The One University advantage
Values: Collaborating As One University
By Caroline Whitacre, Vice President For Research
How many times have you heard the phrase “Ohio State is one of the most comprehensive research universities in the United States?”
We tend to gloss over those words that frequently come in the first few sentences of any story about the university. But those words have an important meaning and underscore one of our greatest strengths. I would like to share my thoughts on the value of collaborating as One University.
First, the comprehensiveness of OSU provides a large array of opportunities for students to pursue research projects. As I strolled through the rows of posters at the 2010 Denman Undergraduate Research Forum, I could not help but be impressed at the universe of topics represented.
In the area of art there was “Interpersonal Relationships Through the Eyes of Crows,” and in engineering: “Development of an E85 Engine for the EcoCAR Hybrid Vehicle Competition.” In humanities there was “Experience of the AIDS Orphan in the Central and Eastern Regions of Ghana,” and in the health professions category I saw “Characterization of a Novel HSPB3 Mutation Causing a Motor Neuron Disease.”
Students have unlimited opportunities to pursue their passion and even to try a number of research projects throughout their time at OSU. A particularly visible articulation of collaborating as One University was the Solar Decathlon project in 2009. A group of students decided to enter this US Department of Energy competition, which focuses on the planning and building of a self-sustainable solar house. More than 60 students representing 20 different disciplines worked together on the OSU Solar House, which placed 10th in the world.
It was with a huge sense of pride that I stood in front of the OSU Solar House as it was displayed on the National Mall in Washington, DC, and felt the sense of togetherness exemplified by our student team. What made this project even more important was that students from engineering, communications, political science, architecture, design and other disciplines came together to address global problems centering on energy and the environment. It took an unprecedented collaborative effort to provide all of the various disciplines necessary for the project. The competition, which is held every other year, is gearing up for 2011 and Ohio State has been invited to apply.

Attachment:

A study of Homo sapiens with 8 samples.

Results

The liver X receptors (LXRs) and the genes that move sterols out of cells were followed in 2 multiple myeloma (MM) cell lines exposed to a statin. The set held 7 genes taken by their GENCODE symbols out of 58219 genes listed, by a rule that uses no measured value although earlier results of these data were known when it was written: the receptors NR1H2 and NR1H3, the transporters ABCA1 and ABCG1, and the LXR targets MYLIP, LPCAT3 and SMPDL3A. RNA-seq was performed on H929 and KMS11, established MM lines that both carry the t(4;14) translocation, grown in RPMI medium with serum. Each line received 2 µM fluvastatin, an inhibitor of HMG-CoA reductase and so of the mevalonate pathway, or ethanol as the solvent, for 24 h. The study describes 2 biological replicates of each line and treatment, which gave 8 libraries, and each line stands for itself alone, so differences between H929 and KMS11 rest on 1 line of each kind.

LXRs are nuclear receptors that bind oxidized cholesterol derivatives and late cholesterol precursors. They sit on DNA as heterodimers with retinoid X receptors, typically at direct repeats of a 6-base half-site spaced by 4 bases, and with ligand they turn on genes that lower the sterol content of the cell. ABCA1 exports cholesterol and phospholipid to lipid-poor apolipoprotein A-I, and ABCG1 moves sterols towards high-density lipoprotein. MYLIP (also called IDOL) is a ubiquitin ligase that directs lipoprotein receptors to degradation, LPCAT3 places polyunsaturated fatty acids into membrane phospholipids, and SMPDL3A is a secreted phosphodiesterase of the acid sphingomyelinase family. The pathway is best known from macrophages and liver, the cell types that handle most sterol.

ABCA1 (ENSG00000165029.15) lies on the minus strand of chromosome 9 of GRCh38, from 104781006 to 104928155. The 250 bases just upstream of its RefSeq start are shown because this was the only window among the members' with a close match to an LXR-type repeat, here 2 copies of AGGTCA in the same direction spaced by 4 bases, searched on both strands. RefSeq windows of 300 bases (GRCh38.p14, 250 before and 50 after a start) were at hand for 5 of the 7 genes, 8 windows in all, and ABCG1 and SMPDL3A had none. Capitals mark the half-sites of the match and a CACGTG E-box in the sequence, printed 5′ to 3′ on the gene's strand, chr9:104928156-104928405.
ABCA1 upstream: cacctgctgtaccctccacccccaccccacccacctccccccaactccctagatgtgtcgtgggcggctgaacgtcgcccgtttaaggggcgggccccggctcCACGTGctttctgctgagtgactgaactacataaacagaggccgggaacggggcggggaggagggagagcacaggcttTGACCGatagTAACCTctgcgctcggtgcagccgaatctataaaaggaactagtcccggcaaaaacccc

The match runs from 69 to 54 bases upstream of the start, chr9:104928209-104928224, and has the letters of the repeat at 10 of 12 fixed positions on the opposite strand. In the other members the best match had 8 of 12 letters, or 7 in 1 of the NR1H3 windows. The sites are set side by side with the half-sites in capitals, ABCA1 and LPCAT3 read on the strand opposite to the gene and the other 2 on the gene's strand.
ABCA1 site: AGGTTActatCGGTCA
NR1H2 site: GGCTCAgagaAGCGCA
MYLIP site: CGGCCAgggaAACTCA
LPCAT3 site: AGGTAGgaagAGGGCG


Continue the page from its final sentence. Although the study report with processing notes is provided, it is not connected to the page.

When we collaborate as One University, we become much more competitive for major grant opportunities. One only has to look at our present grant portfolio to appreciate this fact. OSU is one of the few universities in the country that can claim both a National Science Foundation Materials Research Science and Engineering Center and a Nanoscale Science and Engineering Center. These are large collaborative grants that typically involve faculty from different disciplines with the goal of advancing research in specific fields and passing that new knowledge along to students. Other examples include the Comprehensive Cancer Center Core grant, which has been in place at OSU since 1976, the Center for Clinical and Translational Science awarded in 2008, the Reading Recovery Program in place at OSU for the past 25 years and the recently awarded Population Health Initiative. All of these support far-reaching programs in biomedical research, engineering, education or population science.
Collaboration as One University, however, is about much more than securing large amounts of grant money. It means that we can tackle the world’s toughest problems with a multi-pronged approach, creative minds and state-of-the-art facilities. For example, the world’s food supply will need to increase by 40 percent over the next 15 years in order to meet the demand of the globe’s increasing population, which will go from 6 billion people today to a projected 8 billion people by 2025, leading to unprecedented needs for food production, food security and water. This is exactly the focus of one of the new OSU Centers of Innovation, which involves 80 faculty from 12 colleges. This group is undertaking such tough questions as, “How do you increase crop yields from a single acre of land?” and “How do you make today’s crops more disease resistant using approaches that can be applied in the third world?”
This is just one example of collaborating as One University; there are many — in alternative energy, personalized health care, overcoming poverty, complex systems and artistic design, to name a few.
I learn every day about new initiatives taking place at this great university and am astounded at the creativity and collaborative spirit of its citizens.
The View from the Top is a regular feature that appears monthly in onCampus.